Learn the Best Practices for Sports Safety This Fall

Learn the Best Practices for Sports Safety This Fall

Planning for fall sports safety at your school probably doesn’t take just one season. More accurately, it’s close to a year-round job working to ensure student-athletes are prepared for a safe and enjoyable experience.

Sports injury prevention and avoiding heat illness in sports are two of your biggest priorities and concerns. Here are the best practices and prevention tips you can use for a safer outcome this fall.

Fall Sports Safety Tips to Prevent Injuries & Heat Illness

Recent research by the NCAA found that more than 1 million injuries occur yearly among college athletes, ranging from minor sprains to breaks and serious concussions. Fall sports like football, field hockey, and volleyball pose unique safety risks and can present a number of health challenges.

One of the most common hazards of fall sports is the risk of heat illness. Heat exhaustion, dehydration, and heat stroke can all occur if proper precautions are not taken.

Reducing the Risk of Heat Illness in Sports

When participating in practice or games outdoors, taking breaks to cool off and drinking plenty of fluids during warm weather are both important. But what is critical to be aware of during practice and games isn’t just the temperature—it’s the heat index.

According to the National Weather Service, the heat index is what the temperature feels like to the body when combined with the effects of humidity. It’s hard for perspiration to evaporate when there is too much humidity (moisture) in the air, which makes it hard for the body to control its temperature. This can cause heat-related illnesses.

There are three types of heat-related illnesses:

  1. Heat cramps are a type of heat illness that can cause painful muscle cramps and spasms. They typically occur during or after intense exercise and sweating in high temperatures.
  2. Heat exhaustion is a condition that is more severe than heat cramps. It is caused by dehydration and loss of salt in the body and usually happens in extreme heat and excessive sweating when proper fluid and salt replacement is not given. If left untreated, heat exhaustion can lead to heat stroke.
  3. Heat stroke is the most severe form of heat illness, which occurs when the body’s heat-regulating system is unable to cope with excessive heat. It is a medical emergency and should be treated promptly.

Heat disorders such as fatigue can start at heat index readings of 80-90, while heat cramps and heat exhaustion can appear between readings of 90-105. Heat stroke is possible between 105 to 130, while heat stroke is likely when 130 or higher with continued exposure.

How to Prevent Heat Illness in Sports:

  • Don’t get too much sun.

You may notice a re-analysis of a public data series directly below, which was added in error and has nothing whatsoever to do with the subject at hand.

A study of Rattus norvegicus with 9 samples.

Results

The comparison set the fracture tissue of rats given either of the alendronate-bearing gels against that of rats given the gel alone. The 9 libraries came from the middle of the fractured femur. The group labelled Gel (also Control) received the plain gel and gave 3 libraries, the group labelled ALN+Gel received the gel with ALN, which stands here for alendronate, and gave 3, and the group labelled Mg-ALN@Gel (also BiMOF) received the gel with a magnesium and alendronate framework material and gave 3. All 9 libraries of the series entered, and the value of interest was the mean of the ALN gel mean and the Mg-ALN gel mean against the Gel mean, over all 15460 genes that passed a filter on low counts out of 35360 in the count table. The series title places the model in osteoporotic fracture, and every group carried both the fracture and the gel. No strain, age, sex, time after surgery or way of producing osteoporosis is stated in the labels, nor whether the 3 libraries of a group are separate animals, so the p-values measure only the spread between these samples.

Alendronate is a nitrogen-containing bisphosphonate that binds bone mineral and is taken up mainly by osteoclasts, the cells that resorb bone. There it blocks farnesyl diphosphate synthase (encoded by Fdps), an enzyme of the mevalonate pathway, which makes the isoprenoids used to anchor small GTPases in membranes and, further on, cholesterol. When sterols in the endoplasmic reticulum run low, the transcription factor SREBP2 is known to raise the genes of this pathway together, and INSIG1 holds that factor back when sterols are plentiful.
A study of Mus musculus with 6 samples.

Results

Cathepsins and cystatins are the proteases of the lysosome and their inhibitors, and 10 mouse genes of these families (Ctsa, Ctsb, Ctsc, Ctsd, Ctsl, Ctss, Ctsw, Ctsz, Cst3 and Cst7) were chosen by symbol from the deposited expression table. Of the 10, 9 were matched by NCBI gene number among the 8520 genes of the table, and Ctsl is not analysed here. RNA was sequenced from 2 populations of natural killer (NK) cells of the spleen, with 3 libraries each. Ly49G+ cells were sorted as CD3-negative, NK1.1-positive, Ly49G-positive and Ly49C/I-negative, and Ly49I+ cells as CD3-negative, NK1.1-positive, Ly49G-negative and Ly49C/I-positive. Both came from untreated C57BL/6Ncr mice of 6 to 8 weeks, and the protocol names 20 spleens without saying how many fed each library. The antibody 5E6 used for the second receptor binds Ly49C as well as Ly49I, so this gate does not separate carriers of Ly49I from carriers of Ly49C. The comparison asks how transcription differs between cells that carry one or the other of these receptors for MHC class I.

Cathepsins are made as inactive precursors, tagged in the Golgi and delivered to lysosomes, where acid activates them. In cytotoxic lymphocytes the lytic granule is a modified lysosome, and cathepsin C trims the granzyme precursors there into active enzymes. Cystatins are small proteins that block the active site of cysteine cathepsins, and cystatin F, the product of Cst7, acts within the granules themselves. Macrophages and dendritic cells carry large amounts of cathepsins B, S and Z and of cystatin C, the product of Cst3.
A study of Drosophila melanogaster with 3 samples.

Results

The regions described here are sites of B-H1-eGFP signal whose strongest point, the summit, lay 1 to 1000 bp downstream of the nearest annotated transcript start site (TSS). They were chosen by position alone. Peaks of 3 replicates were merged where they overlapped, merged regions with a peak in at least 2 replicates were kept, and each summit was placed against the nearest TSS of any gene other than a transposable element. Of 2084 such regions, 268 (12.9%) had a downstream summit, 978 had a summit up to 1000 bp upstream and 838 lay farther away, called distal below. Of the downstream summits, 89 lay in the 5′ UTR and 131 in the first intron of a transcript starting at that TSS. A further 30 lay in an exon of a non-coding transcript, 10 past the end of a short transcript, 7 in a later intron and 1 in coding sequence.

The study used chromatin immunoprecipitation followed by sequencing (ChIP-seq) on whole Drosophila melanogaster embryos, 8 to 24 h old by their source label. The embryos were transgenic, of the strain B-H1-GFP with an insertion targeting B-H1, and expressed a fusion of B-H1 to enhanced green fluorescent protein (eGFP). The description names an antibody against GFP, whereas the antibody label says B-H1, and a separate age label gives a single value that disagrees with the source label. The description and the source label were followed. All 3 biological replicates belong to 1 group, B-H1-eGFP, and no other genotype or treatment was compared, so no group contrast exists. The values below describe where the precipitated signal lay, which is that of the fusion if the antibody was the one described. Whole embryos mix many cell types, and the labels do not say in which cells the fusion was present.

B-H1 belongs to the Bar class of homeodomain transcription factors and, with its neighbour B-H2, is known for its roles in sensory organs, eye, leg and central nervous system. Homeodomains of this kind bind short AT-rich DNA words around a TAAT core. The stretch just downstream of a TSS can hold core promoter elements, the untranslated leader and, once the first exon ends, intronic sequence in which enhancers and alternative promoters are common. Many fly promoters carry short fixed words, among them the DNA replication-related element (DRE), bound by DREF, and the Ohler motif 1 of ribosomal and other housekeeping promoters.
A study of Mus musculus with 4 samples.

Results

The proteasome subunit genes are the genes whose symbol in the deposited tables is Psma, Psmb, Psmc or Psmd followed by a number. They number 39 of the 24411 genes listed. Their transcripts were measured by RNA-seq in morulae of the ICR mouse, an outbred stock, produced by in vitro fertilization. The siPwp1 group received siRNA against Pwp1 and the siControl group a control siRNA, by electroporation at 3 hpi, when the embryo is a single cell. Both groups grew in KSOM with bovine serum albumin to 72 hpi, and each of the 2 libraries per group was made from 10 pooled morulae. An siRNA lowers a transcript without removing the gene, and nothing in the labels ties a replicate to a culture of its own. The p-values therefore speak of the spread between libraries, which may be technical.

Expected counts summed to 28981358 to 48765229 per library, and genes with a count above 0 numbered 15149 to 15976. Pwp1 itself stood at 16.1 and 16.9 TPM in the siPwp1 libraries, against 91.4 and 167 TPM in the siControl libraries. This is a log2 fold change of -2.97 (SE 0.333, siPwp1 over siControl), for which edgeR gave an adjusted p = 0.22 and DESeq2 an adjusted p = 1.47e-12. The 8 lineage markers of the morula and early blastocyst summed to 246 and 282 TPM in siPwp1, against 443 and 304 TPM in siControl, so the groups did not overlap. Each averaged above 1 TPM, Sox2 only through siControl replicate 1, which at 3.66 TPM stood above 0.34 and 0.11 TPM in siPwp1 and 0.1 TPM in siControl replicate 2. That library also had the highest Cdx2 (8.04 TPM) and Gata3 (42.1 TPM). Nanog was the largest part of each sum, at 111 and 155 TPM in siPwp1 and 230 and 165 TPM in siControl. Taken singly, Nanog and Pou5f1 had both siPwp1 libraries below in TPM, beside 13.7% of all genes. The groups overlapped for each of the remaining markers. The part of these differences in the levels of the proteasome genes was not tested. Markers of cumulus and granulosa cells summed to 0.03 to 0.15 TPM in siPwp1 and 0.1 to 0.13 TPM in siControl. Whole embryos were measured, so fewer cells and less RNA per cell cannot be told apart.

• Wear appropriate and light clothing and gear.
  • Take frequent breaks in the shade.
  • Stay well-hydrated.

If any signs of heat illness appear, it’s vital to move the student-athlete to a cool location, provide cold drinks containing sugar and salt, and immediately seek medical attention.

How to Prevent Sports Injuries

In addition to keeping student-athletes well-hydrated and staying on the lookout for heat illnesses, planning for fall sports safety also includes:

  • Undergoing preseason physicals: Student-athletes should undergo a physical exam to ensure they are in good health or not suffering from any medical condition before beginning any program.
  • Creating a fitness plan that incorporates cardiovascular exercise, strength training, and flexibility exercises to reduce injury risk.
  • Requiring proper warm-ups and cool-downs: Doing stretching before and after physical activity can help reduce injury risk and prevent common exercise injuries.
  • Providing and using proper safety equipment: Student-athletes should use the proper safety equipment, including helmets, face guards, pads, and other protective gear, to minimize the risk of serious injury.
  • Following sports rules and any safety guidelines set by the governing body.
  • Encouraging student-athletes to speak up about any pain they experience.
  • Staying well-rested.

Reducing the Financial Risk of Sports Injuries

To ensure that you and your team enjoy a safe fall sports season, it’s important to be aware of the risks and to take sports injury prevention precautions like those included here.

But if the unfortunate occurs and a student-athlete is injured, prompt medical attention can make the difference. Families and players will appreciate the help of accident insurance, like plans offered by A-G Specialty Insurance, to help alleviate the financial risk associated with accident medical care by covering out-of-pocket expenses left by primary health insurance.

If you’d like to learn more about how an A-G Specialty Insurance’ sports accident plan works, we would love to talk to you. Just complete this form. And, if you’d like to learn about the most common athletic injuries, their impact on programs, and how your school compares to its peers, download this complimentary study.